BOULDER - One of the world’s major spiritual leaders spoke before thousands at the University of Colorado-Boulder on Thursday.
Tenzin Gyatso, also known as The 14th Dalai Lama, is a Buddhist monk, considered to be the spiritual leader of Tibet and other Buddhists around the world. He gave two speaking sessions, where he talked about love, understanding and peace – with a little humor, too.
The Dalai Lama took the stage in true Boulder fashion: wearing a bicycle helmet given to him by the Mayor of Boulder. It was a light moment before he started speaking.
“All major world religions carry the same message – a message of love,” the Dalai Lama said.
For Tibetans in Colorado, the entire event is considered a major achievement.
“Having His Holiness in Boulder, not just in India, where he lives, it’s huge. And being a small community, 300-400 people, it’s a pretty major event for us,” Tenzin Tashi of the Tibetan Association of Colorado said.
The Dalai Lama lives in exile in India. He fled Tibet after China invaded in 1950 -- and has since walked a fine line between spiritual leader and a Tibetan representative to the world.
“He must claim, for instance, that he seeks only increased autonomy for his people, not independence – for his mere mention of what I or you might think might be a more just solution of self-determination for his people, could set in motion devastation for his people and his nation at the hands of the Chinese,” Rep. Jared Polis, D-Colorado said.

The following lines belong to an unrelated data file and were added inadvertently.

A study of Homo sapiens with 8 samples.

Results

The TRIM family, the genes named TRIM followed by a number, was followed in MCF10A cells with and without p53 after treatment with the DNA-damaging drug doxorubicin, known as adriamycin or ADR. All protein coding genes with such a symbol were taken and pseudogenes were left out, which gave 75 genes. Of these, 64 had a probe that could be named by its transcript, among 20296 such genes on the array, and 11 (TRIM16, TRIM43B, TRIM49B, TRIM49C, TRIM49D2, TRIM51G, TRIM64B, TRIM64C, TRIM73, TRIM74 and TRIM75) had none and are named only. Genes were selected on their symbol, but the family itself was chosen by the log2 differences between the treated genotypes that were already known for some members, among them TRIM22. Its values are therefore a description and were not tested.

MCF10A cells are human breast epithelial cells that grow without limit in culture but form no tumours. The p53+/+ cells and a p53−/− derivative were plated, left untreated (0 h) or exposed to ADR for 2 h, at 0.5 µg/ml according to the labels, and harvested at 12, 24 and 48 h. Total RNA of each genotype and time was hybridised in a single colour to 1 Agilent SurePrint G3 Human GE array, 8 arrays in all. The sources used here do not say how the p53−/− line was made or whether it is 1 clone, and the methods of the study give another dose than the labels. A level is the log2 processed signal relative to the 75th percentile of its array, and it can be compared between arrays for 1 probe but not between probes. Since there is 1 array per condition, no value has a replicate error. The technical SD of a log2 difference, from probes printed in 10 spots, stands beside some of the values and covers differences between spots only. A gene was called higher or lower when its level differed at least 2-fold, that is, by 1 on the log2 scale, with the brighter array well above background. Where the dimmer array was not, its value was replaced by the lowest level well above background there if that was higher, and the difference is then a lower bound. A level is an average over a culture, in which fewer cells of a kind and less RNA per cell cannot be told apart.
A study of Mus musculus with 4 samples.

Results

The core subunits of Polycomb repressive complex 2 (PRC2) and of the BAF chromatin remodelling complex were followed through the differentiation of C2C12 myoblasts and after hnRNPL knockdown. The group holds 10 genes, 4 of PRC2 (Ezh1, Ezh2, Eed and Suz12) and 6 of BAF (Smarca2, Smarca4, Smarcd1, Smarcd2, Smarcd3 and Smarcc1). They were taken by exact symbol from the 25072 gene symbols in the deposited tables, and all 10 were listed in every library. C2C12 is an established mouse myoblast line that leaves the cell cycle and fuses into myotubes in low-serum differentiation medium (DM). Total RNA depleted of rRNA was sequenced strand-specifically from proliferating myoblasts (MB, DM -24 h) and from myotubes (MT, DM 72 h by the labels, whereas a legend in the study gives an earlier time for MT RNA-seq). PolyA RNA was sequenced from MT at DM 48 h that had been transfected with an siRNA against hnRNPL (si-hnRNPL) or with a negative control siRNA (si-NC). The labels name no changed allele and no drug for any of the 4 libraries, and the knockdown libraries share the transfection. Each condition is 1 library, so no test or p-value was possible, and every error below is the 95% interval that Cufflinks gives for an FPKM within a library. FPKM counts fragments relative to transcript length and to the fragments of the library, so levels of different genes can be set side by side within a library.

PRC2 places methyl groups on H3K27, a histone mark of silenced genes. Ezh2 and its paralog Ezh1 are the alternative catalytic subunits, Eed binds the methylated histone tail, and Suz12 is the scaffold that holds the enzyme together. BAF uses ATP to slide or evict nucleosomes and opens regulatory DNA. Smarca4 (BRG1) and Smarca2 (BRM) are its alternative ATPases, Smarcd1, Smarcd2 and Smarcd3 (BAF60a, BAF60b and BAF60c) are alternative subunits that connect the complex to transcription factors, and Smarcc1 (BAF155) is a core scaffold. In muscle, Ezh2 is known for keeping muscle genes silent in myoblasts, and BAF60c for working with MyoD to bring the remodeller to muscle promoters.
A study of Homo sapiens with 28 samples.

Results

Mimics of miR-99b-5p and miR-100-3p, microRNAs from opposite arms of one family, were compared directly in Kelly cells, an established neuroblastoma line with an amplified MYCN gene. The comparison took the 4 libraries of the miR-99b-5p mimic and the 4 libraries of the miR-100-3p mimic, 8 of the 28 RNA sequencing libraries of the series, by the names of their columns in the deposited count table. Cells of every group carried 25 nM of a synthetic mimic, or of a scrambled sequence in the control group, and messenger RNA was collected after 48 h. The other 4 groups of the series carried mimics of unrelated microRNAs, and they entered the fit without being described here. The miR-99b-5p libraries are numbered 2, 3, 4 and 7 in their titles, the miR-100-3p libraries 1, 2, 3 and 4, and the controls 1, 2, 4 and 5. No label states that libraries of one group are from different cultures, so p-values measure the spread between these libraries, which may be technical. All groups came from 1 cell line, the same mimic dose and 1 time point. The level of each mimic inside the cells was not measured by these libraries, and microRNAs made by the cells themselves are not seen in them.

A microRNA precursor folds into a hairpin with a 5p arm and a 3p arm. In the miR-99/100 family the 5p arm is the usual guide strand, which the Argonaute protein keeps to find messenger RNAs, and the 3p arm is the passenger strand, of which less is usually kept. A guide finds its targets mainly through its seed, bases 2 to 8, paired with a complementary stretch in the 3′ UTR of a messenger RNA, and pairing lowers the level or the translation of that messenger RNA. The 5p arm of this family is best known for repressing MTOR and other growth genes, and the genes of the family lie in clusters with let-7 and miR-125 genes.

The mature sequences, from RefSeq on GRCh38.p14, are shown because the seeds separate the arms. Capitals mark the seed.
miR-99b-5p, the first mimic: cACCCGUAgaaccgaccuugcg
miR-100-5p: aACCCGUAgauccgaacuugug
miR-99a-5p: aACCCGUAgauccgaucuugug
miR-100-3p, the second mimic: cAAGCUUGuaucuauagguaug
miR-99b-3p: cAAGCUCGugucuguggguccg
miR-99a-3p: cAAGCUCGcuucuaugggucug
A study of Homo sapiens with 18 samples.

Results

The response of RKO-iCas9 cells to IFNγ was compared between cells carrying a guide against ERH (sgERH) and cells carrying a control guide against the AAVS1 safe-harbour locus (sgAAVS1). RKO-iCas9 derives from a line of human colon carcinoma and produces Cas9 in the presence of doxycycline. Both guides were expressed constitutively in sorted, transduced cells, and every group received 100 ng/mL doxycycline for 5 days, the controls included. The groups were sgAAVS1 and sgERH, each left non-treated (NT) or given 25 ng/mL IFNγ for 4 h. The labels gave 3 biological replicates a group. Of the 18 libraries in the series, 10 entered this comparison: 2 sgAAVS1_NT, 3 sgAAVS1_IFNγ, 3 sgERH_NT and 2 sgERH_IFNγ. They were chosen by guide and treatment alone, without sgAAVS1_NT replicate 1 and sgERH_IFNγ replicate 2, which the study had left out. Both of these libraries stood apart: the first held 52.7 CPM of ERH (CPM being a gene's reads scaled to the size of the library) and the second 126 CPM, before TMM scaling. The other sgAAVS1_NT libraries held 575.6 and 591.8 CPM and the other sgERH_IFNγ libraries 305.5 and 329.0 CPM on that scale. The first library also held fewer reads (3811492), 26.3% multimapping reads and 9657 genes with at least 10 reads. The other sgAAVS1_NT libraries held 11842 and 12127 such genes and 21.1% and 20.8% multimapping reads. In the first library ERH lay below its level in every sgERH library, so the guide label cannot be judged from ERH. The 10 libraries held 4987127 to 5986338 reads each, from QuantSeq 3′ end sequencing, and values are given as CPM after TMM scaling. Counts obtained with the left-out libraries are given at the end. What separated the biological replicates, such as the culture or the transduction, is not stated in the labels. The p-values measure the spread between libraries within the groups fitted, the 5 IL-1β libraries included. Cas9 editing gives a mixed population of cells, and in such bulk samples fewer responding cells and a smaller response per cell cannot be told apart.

During his two sold-out speaking sessions at CU Boulder, the Dalai Lama spoke of having compassion in life and how, despite our differences, we all have much in common.
“We are the same human being – mentally, emotionally, physically,” the Dalai Lama said.
An estimated 18,000 people saw him speak on Thursday. It was an unforgettable experience that touched some profoundly.
“It was just beautiful,” Ivett Avalos said. “There was all this calmness. I’ve never felt all this calmness in a room and quiet and respect – it was just beautiful.”
The Dalai Lama is now 80 years old. He originally planned to visit Boulder last fall, but had to cancel because of health reasons.
The Dalai Lama does not accept payment for his speeches. The proceeds from Thursday’s event – about $88,000 – were donated to four Boulder-area charities. Among them are Bridge House, which helps the homeless, and the Safehouse Progressive Alliance for Nonviolence, which helps victims of domestic abuse.